The Internet from Mars
Mars Coverage 11/18/11
By: Chris Capps
In the 1950's it was a commonly held belief that by the year 2000 life on the Moon would become possible and that humanity would gradually spread out to Mars and even beyond to begin colonization of other worlds. And those projections were not necessarily overly ambitious. Had the desire to move into space truly gripped us at the same level as our desire to communicate with one another, then it seems fairly likely that we would have developed the technology and infrastructure necessary to make this happen. But instead of computers getting larger and more independent, they god smaller and more connected. But when the information age eventually reaches the moon and beyond, what might it look like? How would you surf something like the internet from Mars?
The internet as we understand it is an overwhelmingly simple apparatus. We send out bits of data requesting information and it is brought to us nearly instantly. But in the future, the internet may become quite different if off-world colonists or explorers were surfing it, and databases may become more important as information would have to be retrieved over the course of several minutes to half an hour. This wouldn't be a problem if you had a small community surfing only a few pages per day, but with an increased emphasis on social networking and the constantly shifting high data volume content of sites like Youtube, the internet on Mars would seem slower than the dial-up of the late 1990s in some ways.
Communication between planets could happen one of two ways reliably. Previously, communication with Mars Rovers used an X band radio wave which allowed for improved communication with a smaller antenna. A similar system may be used in the case of digital communication with Earth with a 5 to 20 minute delay between each request for information and retrieval. The retrieval may be done by a computer located on Earth and then the information could be sent to Mars using radio waves or a tracking laser attached to a satellite orbiting Earth.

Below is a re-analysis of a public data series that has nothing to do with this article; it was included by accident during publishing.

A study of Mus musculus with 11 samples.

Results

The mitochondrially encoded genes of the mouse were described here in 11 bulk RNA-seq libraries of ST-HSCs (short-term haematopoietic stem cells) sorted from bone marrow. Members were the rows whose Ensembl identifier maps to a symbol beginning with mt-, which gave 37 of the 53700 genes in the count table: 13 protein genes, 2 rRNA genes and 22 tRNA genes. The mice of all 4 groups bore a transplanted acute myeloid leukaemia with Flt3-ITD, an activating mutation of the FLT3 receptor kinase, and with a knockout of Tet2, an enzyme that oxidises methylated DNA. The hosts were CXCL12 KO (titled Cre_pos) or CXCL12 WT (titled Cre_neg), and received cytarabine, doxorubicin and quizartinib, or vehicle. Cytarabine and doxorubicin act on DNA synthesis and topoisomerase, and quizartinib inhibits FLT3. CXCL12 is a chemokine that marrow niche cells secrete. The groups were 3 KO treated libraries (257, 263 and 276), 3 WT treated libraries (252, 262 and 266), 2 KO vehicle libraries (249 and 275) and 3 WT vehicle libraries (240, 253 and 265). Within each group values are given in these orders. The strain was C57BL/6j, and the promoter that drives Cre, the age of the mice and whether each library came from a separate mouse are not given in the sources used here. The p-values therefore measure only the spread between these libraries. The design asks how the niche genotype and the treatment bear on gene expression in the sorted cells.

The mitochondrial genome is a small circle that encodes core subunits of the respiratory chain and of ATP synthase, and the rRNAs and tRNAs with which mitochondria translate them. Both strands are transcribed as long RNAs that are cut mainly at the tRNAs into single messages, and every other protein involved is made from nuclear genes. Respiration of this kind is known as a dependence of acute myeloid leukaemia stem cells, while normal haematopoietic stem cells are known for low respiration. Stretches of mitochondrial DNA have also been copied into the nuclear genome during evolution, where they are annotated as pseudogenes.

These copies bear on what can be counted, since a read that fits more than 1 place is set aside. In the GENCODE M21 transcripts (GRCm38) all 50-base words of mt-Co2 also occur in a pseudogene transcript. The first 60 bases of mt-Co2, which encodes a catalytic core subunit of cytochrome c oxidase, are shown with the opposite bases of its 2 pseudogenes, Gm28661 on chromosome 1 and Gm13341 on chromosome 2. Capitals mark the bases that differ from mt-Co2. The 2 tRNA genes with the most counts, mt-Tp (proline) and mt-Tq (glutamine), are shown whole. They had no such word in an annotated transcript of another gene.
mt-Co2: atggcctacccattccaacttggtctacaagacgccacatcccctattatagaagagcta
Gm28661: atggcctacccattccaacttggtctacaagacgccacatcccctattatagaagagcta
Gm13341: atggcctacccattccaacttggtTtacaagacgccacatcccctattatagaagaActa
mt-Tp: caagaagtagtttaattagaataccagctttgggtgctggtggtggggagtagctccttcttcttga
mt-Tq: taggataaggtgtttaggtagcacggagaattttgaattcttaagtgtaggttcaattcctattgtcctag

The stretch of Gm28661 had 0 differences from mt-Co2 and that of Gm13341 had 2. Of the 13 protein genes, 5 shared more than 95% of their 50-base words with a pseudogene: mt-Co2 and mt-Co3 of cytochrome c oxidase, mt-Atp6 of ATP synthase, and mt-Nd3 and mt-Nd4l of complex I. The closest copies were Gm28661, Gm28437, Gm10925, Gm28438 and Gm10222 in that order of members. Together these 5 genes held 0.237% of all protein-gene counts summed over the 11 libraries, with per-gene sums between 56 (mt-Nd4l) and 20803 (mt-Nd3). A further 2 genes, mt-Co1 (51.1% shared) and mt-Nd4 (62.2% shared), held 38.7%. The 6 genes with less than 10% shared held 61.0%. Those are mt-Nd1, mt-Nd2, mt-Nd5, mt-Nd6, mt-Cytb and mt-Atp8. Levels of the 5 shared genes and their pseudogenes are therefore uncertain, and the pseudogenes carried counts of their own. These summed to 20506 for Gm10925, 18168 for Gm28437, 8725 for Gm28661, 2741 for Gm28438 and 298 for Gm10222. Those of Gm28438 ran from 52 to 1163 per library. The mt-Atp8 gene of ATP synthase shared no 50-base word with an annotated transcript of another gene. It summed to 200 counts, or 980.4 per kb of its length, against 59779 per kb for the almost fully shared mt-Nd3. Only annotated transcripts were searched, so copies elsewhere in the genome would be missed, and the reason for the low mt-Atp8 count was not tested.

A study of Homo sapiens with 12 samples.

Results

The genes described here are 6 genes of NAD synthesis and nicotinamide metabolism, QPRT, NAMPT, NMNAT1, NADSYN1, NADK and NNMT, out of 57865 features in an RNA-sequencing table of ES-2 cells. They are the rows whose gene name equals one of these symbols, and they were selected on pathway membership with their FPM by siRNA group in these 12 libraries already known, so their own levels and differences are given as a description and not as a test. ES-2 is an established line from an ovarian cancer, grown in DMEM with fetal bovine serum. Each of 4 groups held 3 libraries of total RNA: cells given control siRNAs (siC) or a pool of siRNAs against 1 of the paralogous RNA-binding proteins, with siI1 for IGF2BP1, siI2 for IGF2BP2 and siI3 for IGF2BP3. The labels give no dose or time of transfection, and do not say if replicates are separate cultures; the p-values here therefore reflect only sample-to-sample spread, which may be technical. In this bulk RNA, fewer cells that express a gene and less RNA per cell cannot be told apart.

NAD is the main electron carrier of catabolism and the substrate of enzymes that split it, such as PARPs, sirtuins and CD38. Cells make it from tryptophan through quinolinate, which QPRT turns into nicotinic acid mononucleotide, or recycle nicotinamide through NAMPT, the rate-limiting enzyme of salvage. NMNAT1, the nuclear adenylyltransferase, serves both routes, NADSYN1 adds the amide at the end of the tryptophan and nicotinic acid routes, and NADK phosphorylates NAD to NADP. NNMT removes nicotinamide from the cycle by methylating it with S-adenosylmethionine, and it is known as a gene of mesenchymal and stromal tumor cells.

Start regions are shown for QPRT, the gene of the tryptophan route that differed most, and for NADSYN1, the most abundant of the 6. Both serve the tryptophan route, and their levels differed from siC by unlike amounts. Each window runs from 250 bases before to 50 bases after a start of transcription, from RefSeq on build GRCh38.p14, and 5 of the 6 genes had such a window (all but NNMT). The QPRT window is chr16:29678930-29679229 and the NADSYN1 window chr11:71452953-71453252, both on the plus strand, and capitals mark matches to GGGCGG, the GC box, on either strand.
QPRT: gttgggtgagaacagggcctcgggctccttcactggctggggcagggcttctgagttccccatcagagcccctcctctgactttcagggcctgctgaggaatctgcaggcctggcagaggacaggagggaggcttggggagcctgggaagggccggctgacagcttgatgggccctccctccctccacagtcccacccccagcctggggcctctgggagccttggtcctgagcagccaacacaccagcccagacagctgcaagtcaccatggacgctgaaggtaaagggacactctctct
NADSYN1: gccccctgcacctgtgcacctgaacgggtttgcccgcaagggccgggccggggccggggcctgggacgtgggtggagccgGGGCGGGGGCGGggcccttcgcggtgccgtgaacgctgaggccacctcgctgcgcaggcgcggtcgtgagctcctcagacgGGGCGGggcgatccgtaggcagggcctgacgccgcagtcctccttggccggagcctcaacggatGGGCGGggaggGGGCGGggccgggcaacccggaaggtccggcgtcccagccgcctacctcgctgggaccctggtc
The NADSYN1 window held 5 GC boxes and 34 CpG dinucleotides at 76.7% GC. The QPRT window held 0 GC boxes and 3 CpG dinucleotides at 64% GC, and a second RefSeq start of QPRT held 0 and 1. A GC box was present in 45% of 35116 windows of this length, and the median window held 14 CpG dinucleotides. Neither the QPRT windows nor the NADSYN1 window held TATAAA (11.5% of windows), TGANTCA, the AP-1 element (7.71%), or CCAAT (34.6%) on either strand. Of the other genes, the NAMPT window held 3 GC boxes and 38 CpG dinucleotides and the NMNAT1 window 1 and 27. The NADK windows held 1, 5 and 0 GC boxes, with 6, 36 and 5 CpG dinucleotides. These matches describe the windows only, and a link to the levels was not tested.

Both systems have their drawbacks, however. The primary problem with lasers would be the preciseness required for the communication to take place with interruptions. Mars could be blocked off from communication altogether quite frequently when the sun passes between the Earth and Mars during orbit. This orbital partition between Earth and Mars may one day be solved by placing a satellite to follow an orbit that was halfway around the sun each time Mars reached the other side, correcting and backtracking as necessary. Unfortunately, this would also increase the amount of time it took for communications to travel back and forth between the red planet.
Lunar colonies, on the other hand would not have the same problems with communication as the moon is far closer at a distance of only a couple light seconds away and no sun to interrupt communication by passing between them.
The problems with communicating between Earth and Mars may be solved by hosting an offline database of sites like Wikipedia - only occasionally refreshing them, and putting others on a que to be refreshed daily while setting aside a fraction of the bandwidth to retrieve actual web pages as needed via satellite communications.